Turkmenistan is a unique land boasting a wealth of natural resources. The vast Karakum Desert covers approximately 80 percent of the country. Bordering Afghanistan, Kazakhstan, Iran and Uzbekistan, Turkmenistan has a population of approximately five million people. The capital city, Ashgabat, has a population of roughly one million.
Turkmenistan is a special environment with very strict rules. Scholars should be prepared to have a lot of flexibility when it comes to living and working in Turkmenistan, starting with the moment their nomination is submitted to the Government of Turkmenistan for approval, and ending with the last day of their stay in Turkmenistan.
In general, centralized state control remains the rule in Turkmenistan. The president controls the parliament and the judicial branch, while the civilian authorities maintain effective control of the security forces. Although the constitution provides for freedom of the press, there is virtually no freedom of the press or of association. The government has taken some steps forward in human rights reform, such as lifting the exit visa requirement and allowing the registration of some religious minority groups. However, its overall human rights record remains poor.
The government provides educational support at the secondary, undergraduate and graduate levels. Education is universal and mandatory through the secondary level for a total duration of 11 years (a 12-year school system was introduced in 2013, but returned to the 11-year system in 2016 due to the fact that although two additional years were added to the curriculum, there were no textbooks or study programs developed for the added years, and teachers struggled to find materials to fit the "assigned" topics). Though the Government is interested in promoting the study of English and it is now taught as a mandatory foreign language in schools and universities, along with Russian, the level of English language skills in the country remains at a very low level.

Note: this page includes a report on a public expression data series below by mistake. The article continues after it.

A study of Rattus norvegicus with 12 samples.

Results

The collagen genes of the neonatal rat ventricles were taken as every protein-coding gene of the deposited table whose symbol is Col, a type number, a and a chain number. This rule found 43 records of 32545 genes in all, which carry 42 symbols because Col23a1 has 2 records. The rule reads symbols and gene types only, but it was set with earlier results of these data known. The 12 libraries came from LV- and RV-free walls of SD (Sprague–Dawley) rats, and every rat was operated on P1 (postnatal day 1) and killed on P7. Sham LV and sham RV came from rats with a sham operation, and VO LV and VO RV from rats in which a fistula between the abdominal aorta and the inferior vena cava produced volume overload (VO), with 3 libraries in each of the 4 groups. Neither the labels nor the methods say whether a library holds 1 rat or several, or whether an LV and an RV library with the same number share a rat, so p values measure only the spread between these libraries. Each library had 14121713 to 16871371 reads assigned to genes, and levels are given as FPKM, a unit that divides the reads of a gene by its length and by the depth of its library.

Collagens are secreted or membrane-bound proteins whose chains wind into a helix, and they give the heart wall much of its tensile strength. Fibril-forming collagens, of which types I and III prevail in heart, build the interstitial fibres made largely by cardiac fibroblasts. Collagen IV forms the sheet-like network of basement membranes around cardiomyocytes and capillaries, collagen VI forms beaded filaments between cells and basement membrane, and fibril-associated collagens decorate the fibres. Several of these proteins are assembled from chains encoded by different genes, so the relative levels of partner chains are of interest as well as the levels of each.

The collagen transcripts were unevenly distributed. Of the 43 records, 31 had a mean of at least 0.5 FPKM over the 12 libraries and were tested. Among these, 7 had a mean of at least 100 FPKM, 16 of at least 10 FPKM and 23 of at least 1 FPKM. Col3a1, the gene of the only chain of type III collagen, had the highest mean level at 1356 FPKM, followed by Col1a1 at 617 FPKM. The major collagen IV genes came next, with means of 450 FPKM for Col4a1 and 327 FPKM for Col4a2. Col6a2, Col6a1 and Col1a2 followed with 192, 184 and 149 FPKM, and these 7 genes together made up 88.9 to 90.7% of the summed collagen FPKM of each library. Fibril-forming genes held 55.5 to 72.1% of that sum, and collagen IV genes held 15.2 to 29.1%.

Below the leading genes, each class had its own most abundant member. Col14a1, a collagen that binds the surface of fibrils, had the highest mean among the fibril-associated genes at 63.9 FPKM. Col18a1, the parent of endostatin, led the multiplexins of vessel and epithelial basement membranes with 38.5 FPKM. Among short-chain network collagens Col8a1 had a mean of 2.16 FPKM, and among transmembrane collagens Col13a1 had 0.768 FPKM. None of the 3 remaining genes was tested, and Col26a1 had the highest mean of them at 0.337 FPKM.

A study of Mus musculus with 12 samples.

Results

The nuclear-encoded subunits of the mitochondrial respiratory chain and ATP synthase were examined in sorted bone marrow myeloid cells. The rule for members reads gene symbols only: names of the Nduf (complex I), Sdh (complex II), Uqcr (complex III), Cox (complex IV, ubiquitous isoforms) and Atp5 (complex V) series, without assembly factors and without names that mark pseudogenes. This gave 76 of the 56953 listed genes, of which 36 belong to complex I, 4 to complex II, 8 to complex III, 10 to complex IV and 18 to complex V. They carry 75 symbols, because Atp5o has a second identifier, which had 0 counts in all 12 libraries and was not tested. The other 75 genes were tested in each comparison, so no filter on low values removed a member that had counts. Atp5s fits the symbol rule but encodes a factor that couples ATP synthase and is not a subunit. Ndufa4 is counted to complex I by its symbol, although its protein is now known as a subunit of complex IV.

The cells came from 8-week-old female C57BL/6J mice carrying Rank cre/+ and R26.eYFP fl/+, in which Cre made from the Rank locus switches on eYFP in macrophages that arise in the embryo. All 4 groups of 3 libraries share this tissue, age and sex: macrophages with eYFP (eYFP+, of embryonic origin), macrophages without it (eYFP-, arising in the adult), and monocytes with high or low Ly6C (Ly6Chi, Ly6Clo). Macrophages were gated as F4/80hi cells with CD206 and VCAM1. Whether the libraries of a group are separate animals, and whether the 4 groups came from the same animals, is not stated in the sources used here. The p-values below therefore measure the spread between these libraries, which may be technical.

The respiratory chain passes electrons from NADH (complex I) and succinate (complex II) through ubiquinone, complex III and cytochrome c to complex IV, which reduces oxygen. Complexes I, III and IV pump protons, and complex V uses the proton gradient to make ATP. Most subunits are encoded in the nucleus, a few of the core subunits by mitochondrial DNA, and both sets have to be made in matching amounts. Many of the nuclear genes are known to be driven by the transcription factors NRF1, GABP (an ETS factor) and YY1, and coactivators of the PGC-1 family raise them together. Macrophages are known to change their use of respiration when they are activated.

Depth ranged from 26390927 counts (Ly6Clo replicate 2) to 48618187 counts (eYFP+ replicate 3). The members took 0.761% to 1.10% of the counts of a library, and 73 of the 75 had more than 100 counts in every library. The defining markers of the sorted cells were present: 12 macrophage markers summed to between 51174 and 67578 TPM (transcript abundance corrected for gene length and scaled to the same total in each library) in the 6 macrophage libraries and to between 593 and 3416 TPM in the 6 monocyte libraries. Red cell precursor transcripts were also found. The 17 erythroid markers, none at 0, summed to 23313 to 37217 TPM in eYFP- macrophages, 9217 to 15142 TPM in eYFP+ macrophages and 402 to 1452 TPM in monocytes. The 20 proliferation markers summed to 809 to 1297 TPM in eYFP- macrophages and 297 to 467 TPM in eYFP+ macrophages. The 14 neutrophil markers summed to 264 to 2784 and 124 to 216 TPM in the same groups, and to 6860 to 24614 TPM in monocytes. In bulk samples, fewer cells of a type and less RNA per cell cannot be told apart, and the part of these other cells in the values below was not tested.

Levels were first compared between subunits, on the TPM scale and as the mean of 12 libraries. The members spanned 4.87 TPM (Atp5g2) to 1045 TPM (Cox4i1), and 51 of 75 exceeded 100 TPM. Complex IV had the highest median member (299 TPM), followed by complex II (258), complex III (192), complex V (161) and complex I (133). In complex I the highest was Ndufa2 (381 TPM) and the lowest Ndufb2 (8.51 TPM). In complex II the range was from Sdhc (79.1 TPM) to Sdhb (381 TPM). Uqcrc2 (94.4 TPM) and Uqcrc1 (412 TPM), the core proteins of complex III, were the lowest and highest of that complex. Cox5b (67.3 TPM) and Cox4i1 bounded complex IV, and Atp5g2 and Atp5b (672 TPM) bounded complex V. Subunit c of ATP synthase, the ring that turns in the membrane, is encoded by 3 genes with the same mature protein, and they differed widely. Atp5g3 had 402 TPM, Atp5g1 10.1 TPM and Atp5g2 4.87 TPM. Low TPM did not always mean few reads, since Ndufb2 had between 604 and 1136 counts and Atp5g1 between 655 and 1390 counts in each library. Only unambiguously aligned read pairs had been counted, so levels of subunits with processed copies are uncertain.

The academic year starts on September 1 and concludes around June 15. There is one break between the fall and spring semesters that starts at the end of January and ends around February 10, and another week-long break in the second half of March.
Turkmenistan offers a unique and exciting experience for adventurous scholars. As a country with few American visitors, however, special attention must be placed on the strict rules and regulations regarding academic placement, working environment, and everyday life. Flexibility is vital to being a successful Fulbright U.S. Scholar in Turkmenistan; all applicants will be expected to demonstrate their willingness and ability to work with the U.S. Embassy in Ashgabat to understand and adhere to local laws, cultural norms, and professional expectations. As unofficial representatives of the United States, Fulbright Scholars are given a rare opportunity to engage with Turkmen people and society--an incredibly rewarding experience. Similarly, Scholars are asked to understand that many within Turkmenistan will see their activities as a reflection of U.S.–Turkmen relations and U.S. policies and priorities.